Title: Netting Neptune (Southern Cross #1)
Author: KC Kendricks
Publisher: White Deer Books
Buy link: Amazon.com (Second Edition)
Length: Novella (20k words)
Rating: 4 stars out of 5
A Guest Review by Aunt Lynn
Theron Bowman is in the throes of a mid-life crisis. At forty, he needs to make some serious decisions about his future. He splurges on a two-week vacation in the Caribbean, and like everything else in his life, things go horribly awry and he ends up working to pay for his room.
Forced by his father to break ties with his family, Colby Denton came to rest on St. Lucia and opened an exclusive resort called The Southern Cross. To celebrate his tenth year on the island, and his birthday, Colby arranges for a series of festive beachside parties. When a sexy sea god swims out of the ocean in front of him, Colby has a brand new plan — netting Neptune.
Southern Cross Series
Netting Neptune is the first book in a new series by KC Kendricks and the first book by this author I’ve read. I found it to be a slow, gentle, sweet read, well-written and even-paced with a credible, if not a bit predictable plot. I also found it to be quite a somewhat emotional piece for its length, with a few parts just this side of angsty.
Netting Neptune opens with Colby, first-person narrator and owner of the Southern Cross resort on St. Lucia in the Caribbean, going to take his daily swim in the ocean. Upon arriving, he spies a beautiful creature emerging from the water — his Neptune, Theron — and strikes up a conversation. Once he learns that Theron is essentially stranded temporarily on the island, Colby offers to help him out, and Theron, in return, pays his way by bartending at a shindig at the resort that night. Though it is obvious that Theron has a painful past and he seems wary of anything permanent (or even temporary) with Colby, the two have an immediate connection and Colby is bereft when Theron returns home. Is there some way to convince Theron to come back and stay forever?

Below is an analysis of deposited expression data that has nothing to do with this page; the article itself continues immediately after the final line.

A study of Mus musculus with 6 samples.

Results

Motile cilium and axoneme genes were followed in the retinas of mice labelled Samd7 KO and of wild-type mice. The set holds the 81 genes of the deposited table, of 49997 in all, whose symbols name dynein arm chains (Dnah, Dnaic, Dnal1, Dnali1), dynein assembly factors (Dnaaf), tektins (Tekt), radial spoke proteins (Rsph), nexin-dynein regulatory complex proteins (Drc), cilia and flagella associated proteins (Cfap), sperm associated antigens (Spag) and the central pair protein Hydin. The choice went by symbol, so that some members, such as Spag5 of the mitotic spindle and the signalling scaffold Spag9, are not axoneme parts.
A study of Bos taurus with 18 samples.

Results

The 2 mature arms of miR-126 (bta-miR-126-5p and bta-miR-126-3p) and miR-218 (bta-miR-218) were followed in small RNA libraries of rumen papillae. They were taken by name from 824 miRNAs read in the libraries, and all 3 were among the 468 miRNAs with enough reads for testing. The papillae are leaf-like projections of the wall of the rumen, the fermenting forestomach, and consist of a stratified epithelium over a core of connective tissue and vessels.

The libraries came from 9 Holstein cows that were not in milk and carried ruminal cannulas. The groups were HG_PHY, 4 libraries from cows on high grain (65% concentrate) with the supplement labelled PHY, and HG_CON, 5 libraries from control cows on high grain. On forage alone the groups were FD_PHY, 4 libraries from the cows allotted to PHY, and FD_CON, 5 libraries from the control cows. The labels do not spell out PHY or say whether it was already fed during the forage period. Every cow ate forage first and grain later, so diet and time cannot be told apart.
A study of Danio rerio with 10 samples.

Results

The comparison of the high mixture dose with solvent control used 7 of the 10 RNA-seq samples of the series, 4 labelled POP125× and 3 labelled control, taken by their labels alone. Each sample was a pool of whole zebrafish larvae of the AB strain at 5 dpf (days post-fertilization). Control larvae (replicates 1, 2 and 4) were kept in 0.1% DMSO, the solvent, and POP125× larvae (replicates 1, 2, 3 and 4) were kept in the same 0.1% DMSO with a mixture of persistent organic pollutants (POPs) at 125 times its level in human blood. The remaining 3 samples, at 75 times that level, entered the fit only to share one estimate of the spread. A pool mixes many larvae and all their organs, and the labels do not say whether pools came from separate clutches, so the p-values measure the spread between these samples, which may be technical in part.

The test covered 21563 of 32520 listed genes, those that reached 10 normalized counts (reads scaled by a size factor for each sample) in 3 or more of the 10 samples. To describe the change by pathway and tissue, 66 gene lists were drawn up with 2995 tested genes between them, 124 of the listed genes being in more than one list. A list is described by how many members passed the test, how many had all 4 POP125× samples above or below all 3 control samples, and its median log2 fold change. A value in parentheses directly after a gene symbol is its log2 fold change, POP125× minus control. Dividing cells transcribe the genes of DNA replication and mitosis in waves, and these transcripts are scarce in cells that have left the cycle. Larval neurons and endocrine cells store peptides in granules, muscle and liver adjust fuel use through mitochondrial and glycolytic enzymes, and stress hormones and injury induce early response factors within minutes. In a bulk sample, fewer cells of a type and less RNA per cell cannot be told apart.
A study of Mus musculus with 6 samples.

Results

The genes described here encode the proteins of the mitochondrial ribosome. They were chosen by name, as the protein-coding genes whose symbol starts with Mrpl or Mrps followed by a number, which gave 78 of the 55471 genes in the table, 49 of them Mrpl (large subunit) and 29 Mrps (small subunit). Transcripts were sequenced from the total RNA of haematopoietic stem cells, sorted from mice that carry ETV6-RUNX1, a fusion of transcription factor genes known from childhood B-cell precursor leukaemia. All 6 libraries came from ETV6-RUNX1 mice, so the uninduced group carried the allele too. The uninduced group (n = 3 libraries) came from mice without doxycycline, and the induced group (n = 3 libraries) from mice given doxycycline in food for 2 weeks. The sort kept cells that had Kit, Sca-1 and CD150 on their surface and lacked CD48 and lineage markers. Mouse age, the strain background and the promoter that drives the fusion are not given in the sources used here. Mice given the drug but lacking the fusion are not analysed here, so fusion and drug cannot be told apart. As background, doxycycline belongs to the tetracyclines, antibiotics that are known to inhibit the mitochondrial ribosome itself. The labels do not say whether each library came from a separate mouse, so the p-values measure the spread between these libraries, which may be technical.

I understand that as with other books by this author, the likable and sympathetic heroes are more mature than the usual in this genre — Colby turns thirty-nine the day we meet him and Theron is forty. I like the change of pace and wish more authors would feature older protagonists. One of the things it shows is how people change over time and as they mature. For example, though Colby has been happy with being a vacation fling for male island visitors in the past, he is surprised to find that he is more than ready to settle down were Theron agreeable to stay.
My only issue is that I wish there had been more…meat to the characters. As I got to the end, I felt like would have liked to have known more about them, especially Theron. He has endured injustice, betrayal and pain in his life, and would have liked to have had that experience explored further before the bow-on-top epilogue. I let it go and hoped that I would get some answers in the next book in the series (Taming Triton due later this month), however that book will focus on Theon’s brother, Austin, as he comes to Southern Cross for holiday. So now I am back to wanting more.
Despite my single problem with the book, I recommend Netting Neptune to those interested in the genre and fans of this author.